The CollectionWith nearly 150 bronzes, marbles, and plasters, the distinguished collection housed in the Rodin Museum represents every phase of Auguste Rodin’s career. Located on Philadelphia’s Benjamin Franklin Parkway—which was intended to evoke the Avenue des Champs-Élysées in Paris—the elegant Beaux-Arts–style building and garden offer an absorbing experience.
Now on View: Rodin’s KissDiscover what passion looks like in the hands of a master sculptor. This new installation explores the artist’s intimate and powerful depictions of romantic love. Couples embracing, kissing, tumbling, and even wrestling fascinated Rodin. Combining young and old, male and female figures, Rodin’s sculptures evoke complex feelings of desire, attraction, revulsion, and shame. In this installation, the artist’s most famous pair of lovers—The Kiss—is surrounded by bronzes and plasters representing a variety of fleeting, erotic moments. The Rodin Museum also includes works focusing on the towering bronze doors inspired by Dante’s Divine Comedy that have occupied the building’s portico since 1929. In 1880 Rodin received a commission to create The Gates of Hell for a new decorative arts museum that was going to be built in Paris. Though the museum was never realized, The Gates became the seminal work of Rodin’s career and a key to understanding his artistic aims. Left in plaster at Rodin’s death in 1917, the first bronze casts of The Gates of Hell were made for Jules Mastbaum, the founder of the Rodin Museum; one appears here and the second was given to the Musée Rodin in Paris.
The Dorrance H. Hamilton GardenThe garden outside the Museum displays a total of eight works. While The Thinker and The Gates of Hell have stood in their same locations since the Museum opened in 1929, recent advances in conservation undertaken by the Philadelphia Museum of Art have permitted the return of Adam and The Shade to their original places within the arches of the Meudon Gate for the first time since 1963. The Age of Bronze and Eve have also returned to the niches they once occupied on either side of the Museum’s portico overlooking the reflecting pool. On the building’s west side, a space vacant for most of the last eighty years contains a version of the monumental The Three Shades, a generous loan from Iris and B. Gerald Cantor.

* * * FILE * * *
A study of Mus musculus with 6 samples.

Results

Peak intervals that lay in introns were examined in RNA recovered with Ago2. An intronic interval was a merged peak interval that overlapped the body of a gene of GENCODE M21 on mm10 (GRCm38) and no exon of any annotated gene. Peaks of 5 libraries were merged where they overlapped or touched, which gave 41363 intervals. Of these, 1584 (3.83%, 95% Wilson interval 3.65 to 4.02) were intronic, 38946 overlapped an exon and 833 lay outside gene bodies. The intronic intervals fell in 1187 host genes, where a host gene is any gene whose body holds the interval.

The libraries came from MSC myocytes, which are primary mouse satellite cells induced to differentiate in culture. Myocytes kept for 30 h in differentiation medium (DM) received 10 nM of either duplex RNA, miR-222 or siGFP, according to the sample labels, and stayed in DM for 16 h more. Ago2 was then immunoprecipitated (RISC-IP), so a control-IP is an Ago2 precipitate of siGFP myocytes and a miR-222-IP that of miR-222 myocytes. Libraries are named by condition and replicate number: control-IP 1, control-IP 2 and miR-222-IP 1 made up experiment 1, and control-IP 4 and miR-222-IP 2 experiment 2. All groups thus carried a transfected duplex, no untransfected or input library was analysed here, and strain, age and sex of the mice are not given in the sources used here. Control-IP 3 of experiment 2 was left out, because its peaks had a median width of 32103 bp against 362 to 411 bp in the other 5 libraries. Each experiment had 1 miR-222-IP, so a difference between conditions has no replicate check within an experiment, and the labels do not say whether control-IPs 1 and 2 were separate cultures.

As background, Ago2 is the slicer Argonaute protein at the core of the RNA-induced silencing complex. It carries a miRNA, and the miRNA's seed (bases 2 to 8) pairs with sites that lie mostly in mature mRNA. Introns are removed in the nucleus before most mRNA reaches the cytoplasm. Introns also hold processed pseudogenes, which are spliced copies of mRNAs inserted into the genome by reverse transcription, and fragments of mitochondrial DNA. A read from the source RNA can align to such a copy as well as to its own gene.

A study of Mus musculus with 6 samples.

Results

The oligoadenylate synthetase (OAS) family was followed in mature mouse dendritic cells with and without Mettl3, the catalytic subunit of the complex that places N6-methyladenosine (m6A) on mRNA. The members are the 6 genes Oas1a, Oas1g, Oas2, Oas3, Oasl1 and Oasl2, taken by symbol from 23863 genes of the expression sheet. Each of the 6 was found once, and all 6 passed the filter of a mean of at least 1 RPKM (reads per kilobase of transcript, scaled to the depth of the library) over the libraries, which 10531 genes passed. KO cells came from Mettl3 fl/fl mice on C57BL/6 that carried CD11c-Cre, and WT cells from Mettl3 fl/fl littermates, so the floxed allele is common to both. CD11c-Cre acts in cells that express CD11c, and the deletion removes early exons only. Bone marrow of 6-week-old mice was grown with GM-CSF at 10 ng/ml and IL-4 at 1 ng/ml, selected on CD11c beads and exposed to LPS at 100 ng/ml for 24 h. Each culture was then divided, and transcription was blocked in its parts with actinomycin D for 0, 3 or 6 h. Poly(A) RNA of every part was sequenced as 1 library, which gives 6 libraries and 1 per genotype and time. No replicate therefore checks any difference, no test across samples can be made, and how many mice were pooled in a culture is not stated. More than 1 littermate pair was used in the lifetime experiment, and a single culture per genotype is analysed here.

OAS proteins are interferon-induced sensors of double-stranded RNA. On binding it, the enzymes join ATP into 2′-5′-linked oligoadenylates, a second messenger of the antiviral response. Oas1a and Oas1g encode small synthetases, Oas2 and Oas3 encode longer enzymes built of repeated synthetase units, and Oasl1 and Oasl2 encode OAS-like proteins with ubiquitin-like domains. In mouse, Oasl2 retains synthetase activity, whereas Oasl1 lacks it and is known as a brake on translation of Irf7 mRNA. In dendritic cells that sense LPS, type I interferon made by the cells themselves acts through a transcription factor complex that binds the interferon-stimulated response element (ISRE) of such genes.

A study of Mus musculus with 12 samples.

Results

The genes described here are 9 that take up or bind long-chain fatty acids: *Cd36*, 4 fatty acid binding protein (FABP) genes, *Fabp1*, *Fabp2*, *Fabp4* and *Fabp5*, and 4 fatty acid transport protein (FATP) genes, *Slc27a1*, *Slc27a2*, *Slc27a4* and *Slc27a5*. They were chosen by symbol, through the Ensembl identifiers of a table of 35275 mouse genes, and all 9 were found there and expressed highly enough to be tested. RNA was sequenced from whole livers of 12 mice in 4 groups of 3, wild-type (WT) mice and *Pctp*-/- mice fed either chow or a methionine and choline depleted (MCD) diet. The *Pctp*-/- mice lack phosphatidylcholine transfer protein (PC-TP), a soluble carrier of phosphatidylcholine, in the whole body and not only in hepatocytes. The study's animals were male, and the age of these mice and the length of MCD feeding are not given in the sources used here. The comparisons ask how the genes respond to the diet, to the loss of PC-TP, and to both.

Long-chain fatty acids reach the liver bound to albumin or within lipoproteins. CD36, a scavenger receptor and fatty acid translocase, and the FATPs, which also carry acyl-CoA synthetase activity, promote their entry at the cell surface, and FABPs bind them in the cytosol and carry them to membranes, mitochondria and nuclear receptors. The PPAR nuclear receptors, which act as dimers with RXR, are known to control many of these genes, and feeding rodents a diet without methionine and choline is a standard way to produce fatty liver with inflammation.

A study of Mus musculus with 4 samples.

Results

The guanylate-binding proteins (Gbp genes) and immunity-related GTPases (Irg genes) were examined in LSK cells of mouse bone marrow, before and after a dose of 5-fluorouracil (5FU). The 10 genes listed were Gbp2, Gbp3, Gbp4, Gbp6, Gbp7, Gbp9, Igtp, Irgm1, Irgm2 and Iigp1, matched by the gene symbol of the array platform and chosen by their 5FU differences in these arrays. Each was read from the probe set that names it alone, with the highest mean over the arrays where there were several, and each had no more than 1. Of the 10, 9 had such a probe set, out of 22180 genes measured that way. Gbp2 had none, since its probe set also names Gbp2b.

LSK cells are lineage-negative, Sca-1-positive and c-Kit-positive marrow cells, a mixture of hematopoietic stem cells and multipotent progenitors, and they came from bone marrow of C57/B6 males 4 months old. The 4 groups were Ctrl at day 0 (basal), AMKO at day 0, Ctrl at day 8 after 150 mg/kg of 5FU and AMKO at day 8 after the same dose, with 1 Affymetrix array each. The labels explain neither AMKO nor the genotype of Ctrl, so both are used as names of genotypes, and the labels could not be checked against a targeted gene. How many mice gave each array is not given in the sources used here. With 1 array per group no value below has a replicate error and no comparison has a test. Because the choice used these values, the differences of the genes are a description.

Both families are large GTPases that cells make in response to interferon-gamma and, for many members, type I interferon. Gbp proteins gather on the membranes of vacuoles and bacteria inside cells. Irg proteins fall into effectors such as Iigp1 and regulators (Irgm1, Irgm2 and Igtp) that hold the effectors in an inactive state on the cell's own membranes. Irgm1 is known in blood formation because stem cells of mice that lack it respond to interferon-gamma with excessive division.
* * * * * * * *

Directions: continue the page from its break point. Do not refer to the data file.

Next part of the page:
The History of the Rodin Museum
In the 1920s, the City of Philadelphia was in the midst of creating the Benjamin Franklin Parkway as a great civic space. The Free Library of Philadelphia opened its central Logan Square location in 1927, and the Philadelphia Museum of Art’s main building opened the following year. Nestled between these two destinations, the Rodin Museum opened in November 1929. A unique ensemble of Beaux-Arts architecture and a formal French garden, the Museum was designed by French architect Paul Cret (1876–1945) and French landscape designer Jacques Gréber (1882–1962). Its founder, entrepreneur and philanthropist Jules E. Mastbaum, gave the Museum to his native city as a gift. It was immediately embraced and celebrated, drawing over 390,000 visitors in its first year. Today, the Rodin Museum is one of the defining icons of Philadelphia, housing one of the most comprehensive public collections of Rodin’s work outside Paris. Since 1929, the Philadelphia Museum of Art has administered the Rodin Museum and its collection.